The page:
On March 16, 2016, the SDSN released the World Happiness Report 2016 Update. The report was covered widely in the media; an abridged list of articles is included here.
The World Happiness Report 2016 Update, which ranks 156 countries by their happiness levels, was released today in Rome in advance of UN World Happiness Day, March 20th. The widespread interest in the World Happiness Reports, of which this is the fourth, reflects growing global interest in using happiness and subjective well-being as primary indicators of the quality of human development. Because of this growing interest, many governments, communities and organizations are using happiness data, and the results of subjective well-being research, to enable policies that support better lives.
On March 16, at the Bank of Italy in Rome, we will launch the World Happiness Report 2016 Update and its companion volume, World Happiness Report – 2016 Special Rome Edition. The launch will take place in the context of a 3-day sequence of events on the theme of happiness and well-being. For more information on the launch event […]
What are the sources of happiness? How do countries around the world rank when it comes to the happiness and wellbeing of their citizens? Watch the three co-editors of the World Happiness Report, Professors Jeffrey Sachs, Richard Layard, and John Helliwell, discuss the 2015 Report’s findings and the implications for all our societies.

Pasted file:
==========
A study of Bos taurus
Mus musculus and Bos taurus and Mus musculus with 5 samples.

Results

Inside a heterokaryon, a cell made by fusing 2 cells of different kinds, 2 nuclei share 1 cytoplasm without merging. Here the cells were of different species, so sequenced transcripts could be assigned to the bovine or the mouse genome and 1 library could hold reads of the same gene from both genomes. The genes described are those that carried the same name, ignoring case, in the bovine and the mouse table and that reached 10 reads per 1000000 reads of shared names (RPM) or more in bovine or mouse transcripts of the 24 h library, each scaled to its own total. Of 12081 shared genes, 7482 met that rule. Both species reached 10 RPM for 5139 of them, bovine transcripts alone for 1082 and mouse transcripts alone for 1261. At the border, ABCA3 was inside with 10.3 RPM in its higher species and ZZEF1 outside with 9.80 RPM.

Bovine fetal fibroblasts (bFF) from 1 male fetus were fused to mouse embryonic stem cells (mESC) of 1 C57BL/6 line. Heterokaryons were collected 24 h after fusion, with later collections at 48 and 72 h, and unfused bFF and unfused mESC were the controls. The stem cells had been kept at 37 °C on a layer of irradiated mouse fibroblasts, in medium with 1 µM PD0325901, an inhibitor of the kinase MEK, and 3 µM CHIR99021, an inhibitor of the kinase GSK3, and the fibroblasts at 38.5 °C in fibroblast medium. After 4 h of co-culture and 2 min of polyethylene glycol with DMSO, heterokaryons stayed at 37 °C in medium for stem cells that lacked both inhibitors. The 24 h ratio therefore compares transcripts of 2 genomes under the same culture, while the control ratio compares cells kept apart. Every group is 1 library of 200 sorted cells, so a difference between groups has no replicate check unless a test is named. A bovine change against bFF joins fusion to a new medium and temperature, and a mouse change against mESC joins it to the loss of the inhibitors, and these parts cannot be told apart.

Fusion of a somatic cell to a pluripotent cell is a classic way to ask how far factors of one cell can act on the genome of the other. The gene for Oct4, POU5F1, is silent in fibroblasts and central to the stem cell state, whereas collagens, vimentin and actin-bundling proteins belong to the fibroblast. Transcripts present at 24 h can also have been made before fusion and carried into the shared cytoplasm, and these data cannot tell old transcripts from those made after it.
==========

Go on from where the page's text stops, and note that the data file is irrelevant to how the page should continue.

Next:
On April 23, 2015, the SDSN released the third edition of the World Happiness Report. The report has covered widely in the media; an abridged list of articles is included here.
The World Happiness Report 2015 launch event will be held on April 24, 2015, at the New York Society for Ethical Culture.
Since it was first published in 2012, the World Happiness Report demonstrated that well-being and happiness are critical indicators of a nation’s economic and social development, and should be a key aim of policy. This year’s report looks at the changes in happiness levels in 158 countries, and examines the reasons behind the statistics. The World Happiness Report 2015 also comes in advance of three high-level negotiations that will give world leaders the opportunity to reshape the global agenda and move the world towards a sustainable development agenda that includes well-being as an essential element.
The International Society for Quality of Life Studies has awarded the World Happiness Report the 2014 Award for the Betterment of the Human Condition. The award was granted to the Report co-editors: Professor John F. Helliwell, Lord Richard Layard, and Professor Jeffrey D. Sachs at the society’s recent annual conference in Berlin, Germany. John Helliwell and Jeffrey D. Sachs accepted the award on September 17, 2014, by video conference.
As heads of state get ready for the United Nations General Assembly in two weeks, the second World Happiness Report further strengthens the case that well-being should be a critical component of how the world measures its economic and social development.
The 2012 World Happiness Report, published by the Earth Institute and co-edited by the institute’s director, Jeffrey Sachs, reflects a new worldwide demand for more attention to happiness and absence of misery as criteria for government policy. It reviews the state of happiness in the world today and shows how the new science of happiness explains personal and national variations in happiness.